The New York Times Blasts "Cloud Factories" on Energy Use
Improved energy efficiency practices could cut server room energy waste by at least 40 percent, saving businesses and organizations over $3 billion annually, says NRDC.

The New York Times Blasts "Cloud Factories" on Energy Use

The New York Times today kicks off a series of articles on the data center industry,offering a tough indictment of the data center industry and its energy use and environmental impact. But is this a current picture of the state of "cloud factories?" Here's our two cents

It is telling that the New York Times, in today's front-page story about the data center industry and its energy usage, begins with an anecdote from 2006. The Times describes a moment when Facebook engineers had to race to local retail stores to buy fans to prevent its servers from overheating.

It's the kind of anecdote most people in the industry have heard - but not in the last five years. In its story, which kicks off a series of articles on the Web's infrastructure, the Times has offered a tough indictment of the data center industry and its energy use and environmental impact. The story's tone is reflected in its headline: "Power, Pollution and the Internet: Industry Wastes Vast Amounts of Electricity, Belying Image."

In depicting data centers as wasteful polluters, the Times has raised many valid points, including the low server utilization rates in many facilities, the industry's slow adoption of some efficiency technologies (like tools that turn servers on and off), and the need to be accountable for environmental permitting of diesel generators. But in its first installment, the Times does an artful, fact-laden job of telling half the story.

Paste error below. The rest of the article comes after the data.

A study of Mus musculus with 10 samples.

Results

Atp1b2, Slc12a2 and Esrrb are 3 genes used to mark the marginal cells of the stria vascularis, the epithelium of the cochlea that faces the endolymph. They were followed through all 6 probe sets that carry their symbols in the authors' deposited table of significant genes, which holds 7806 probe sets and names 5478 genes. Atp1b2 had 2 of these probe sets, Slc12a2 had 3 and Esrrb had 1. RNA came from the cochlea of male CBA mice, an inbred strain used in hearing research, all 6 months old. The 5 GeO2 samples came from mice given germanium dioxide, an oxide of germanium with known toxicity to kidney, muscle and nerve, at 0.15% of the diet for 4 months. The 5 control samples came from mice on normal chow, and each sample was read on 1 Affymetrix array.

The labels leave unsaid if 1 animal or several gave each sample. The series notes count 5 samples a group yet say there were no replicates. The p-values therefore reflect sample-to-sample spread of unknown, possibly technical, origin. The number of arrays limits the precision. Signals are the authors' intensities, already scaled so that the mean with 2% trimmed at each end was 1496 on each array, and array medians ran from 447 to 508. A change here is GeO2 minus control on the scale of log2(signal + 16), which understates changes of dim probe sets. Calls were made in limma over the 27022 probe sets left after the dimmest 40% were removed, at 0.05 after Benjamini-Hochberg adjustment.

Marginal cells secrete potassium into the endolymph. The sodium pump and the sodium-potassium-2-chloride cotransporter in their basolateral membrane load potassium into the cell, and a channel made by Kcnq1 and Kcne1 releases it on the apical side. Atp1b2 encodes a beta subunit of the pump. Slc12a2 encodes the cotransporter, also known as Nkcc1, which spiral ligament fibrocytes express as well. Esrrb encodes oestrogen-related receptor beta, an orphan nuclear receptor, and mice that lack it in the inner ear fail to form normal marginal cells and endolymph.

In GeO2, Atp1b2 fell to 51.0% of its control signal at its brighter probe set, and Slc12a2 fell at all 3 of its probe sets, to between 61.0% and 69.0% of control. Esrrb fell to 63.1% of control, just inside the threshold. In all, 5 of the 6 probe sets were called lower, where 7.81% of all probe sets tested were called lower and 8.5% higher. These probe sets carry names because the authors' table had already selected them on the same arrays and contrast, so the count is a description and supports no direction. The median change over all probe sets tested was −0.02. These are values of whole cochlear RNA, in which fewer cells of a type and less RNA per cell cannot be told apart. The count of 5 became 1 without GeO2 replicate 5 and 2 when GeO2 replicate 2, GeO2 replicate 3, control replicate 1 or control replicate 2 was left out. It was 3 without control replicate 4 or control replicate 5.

What's missing is the narrative of how the industry has responded to the challenge of its inefficiency and environmental stewardship. The last five years have seen dramatic changes in the way the largest data centers are designed and operated, as companies like Google, Yahoo, Facebook and Microsoft have vastly improved the energy efficiency of their server farms by overhauling their power distribution systems, using fresh air instead of power-hungry chillers ("free cooling") to cool their servers, and running their facilities at warmer temperatures. New design schemes for modular data centers have emerged, offering  highly-efficient designs to customers with smaller operations than Google or Facebook.  And we're even seeing a growing focus on renewable energy, highlighted by Apple's massive commitment to on-site solar energy and landfill-powered fuel cells.

Instead, the Times says that "this foundation of the information industry is sharply at odds with its image of sleek efficiency and environmental friendliness.

"Most data centers, by design, consume vast amounts of energy in an incongruously wasteful manner, interviews and documents show," writes the Times' James Glanz. "Online companies typically run their facilities at maximum capacity around the clock, whatever the demand. As a result, data centers can waste 90 percent or more of the electricity they pull off the grid, The Times found."

That's true of some data centers, but not the large-scale "cloud factories" that are the focus of the Times' story. The other side of the story is out there - at Data Center Knowledge, we've spent the past seven years documenting the industry's energy challenges and its response. It will be interesting to see if the remainder of the Times' series does a better job documenting the industry's intensive efforts to address its energy and sustainability issues, or retains the focus and tenor of the first installment. To its credit, the Times has included views from a number of industry sources in a related feature in the opinion  section.

Given the Times' influence, it's important for the data center industry to be aware of this series and conversant in the issues it is raising. What did you think of the Times' story? Share your thoughts in the comments.